CHICAGO - An Illinois appeals court threw former White House chief of staff Rahm Emanuel off the ballot for Chicago mayor yesterday because he didn't live in the city in the year before the election.

The decision cast doubt over Emanuel's candidacy just a month before the election. He had been considered the front-runner and had raised more money than any other candidate.

The court voted 2-1 to overturn a lower-court ruling that would have kept his name on the Feb. 22 ballot. Emanuel plans an appeal to the Illinois Supreme Court. Early voting had been set to begin on Jan. 31.

"I have no doubt that we will in the end prevail at this effort. This is just one turn in the road," Emanuel said, adding that the "people of the city of Chicago deserve the right to make the decision on who they want to be their next mayor."

Those challenging Emanuel's candidacy have argued that the Democrat does not meet the one-year residency requirement because he rented out his Chicago home and moved his family to Washington to work for President Barack Obama for nearly two years.

Emanuel has said he always intended to return to Chicago and was living in Washington only at the request of the president.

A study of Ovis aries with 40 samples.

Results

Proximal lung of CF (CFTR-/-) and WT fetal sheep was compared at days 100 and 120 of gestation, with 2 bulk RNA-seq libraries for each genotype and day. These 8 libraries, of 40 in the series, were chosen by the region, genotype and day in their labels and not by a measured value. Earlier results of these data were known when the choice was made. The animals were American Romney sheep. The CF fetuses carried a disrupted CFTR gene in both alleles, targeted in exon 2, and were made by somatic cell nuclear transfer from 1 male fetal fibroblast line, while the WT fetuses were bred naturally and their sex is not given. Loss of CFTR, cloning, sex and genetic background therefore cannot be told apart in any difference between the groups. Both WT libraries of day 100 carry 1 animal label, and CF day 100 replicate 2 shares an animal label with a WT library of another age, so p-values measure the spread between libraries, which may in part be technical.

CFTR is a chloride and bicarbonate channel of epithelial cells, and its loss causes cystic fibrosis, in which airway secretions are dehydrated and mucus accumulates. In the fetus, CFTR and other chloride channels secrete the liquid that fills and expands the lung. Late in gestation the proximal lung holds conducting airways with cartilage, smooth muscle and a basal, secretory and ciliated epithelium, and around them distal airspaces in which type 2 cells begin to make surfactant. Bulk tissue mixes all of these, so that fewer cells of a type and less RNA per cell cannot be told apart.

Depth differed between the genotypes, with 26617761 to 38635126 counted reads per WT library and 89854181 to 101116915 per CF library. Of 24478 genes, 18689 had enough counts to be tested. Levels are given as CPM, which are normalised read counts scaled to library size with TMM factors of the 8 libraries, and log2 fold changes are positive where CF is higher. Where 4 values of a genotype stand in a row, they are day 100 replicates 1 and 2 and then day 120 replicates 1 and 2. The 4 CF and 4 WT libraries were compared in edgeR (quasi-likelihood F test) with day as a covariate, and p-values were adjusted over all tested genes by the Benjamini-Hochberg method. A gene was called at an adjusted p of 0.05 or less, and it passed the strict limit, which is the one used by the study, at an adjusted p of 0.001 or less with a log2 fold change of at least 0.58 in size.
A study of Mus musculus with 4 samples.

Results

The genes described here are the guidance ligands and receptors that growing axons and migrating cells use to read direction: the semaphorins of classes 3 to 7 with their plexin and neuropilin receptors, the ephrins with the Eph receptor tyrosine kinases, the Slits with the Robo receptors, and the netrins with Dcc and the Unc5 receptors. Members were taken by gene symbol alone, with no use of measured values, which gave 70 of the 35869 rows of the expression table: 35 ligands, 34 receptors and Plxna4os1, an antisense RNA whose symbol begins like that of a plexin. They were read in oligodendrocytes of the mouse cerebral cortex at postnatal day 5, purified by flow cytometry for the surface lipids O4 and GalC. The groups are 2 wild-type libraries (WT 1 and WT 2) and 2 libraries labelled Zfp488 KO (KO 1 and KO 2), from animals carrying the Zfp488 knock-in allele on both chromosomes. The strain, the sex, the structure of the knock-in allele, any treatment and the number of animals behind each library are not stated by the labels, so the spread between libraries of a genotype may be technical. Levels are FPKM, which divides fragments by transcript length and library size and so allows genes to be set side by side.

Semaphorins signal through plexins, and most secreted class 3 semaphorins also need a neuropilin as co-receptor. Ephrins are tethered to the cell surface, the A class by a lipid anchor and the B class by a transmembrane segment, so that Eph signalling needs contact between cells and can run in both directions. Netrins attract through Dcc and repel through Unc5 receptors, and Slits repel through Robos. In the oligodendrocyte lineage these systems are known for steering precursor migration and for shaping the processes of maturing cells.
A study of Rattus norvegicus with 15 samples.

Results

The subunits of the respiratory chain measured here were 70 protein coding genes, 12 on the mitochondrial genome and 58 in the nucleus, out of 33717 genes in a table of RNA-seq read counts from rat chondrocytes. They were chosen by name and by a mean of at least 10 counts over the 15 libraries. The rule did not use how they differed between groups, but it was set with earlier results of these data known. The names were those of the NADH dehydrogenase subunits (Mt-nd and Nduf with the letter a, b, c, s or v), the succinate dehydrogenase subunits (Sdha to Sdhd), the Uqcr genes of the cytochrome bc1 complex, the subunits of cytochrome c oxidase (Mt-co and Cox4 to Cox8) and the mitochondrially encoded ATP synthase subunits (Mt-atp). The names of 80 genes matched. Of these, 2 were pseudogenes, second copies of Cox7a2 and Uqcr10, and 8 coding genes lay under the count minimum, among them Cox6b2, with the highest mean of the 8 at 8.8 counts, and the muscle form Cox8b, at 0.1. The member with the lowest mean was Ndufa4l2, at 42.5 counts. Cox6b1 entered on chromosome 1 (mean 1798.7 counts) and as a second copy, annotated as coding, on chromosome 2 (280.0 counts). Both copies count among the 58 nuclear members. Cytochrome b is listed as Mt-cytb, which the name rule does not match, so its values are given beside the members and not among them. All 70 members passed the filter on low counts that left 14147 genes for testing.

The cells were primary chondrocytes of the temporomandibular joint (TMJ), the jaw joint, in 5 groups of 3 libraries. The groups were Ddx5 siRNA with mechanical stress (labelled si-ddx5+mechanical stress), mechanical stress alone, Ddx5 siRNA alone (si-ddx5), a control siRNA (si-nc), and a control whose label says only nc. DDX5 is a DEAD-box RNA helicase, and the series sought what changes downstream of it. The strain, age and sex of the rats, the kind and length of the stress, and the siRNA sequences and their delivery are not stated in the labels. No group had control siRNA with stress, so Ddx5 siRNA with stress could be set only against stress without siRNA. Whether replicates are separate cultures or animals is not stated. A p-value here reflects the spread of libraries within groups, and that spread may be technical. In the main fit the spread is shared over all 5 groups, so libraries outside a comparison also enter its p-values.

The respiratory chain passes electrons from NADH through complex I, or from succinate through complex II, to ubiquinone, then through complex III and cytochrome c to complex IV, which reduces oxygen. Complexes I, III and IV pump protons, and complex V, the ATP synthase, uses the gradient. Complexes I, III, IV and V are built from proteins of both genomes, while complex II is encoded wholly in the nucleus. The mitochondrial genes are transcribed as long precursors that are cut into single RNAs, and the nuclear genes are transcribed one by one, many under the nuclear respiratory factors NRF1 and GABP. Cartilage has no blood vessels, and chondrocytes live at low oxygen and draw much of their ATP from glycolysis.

After he quit working for Obama, Emanuel moved back to Chicago in October to campaign full-time.

He is one of several candidates vying to replace Mayor Richard Daley, who is not seeking a seventh term.

Before yesterday's ruling, attorney Burt Odelson, who represents two voters objecting to Emanuel's candidacy, had had little luck trying to keep Emanuel off the ballot.

The Chicago Board of Election Commissioners and a Cook County judge have both ruled in favor of Emanuel, a former congressman, saying he didn't abandon his Chicago residency when he went to work at the White House.

Odelson had said he had planned to take the challenge to the state Supreme Court, if necessary.

"Have I stood down at all? No, I've been confident all along because that's the law. That's the way you read the law," Odelson told reporters.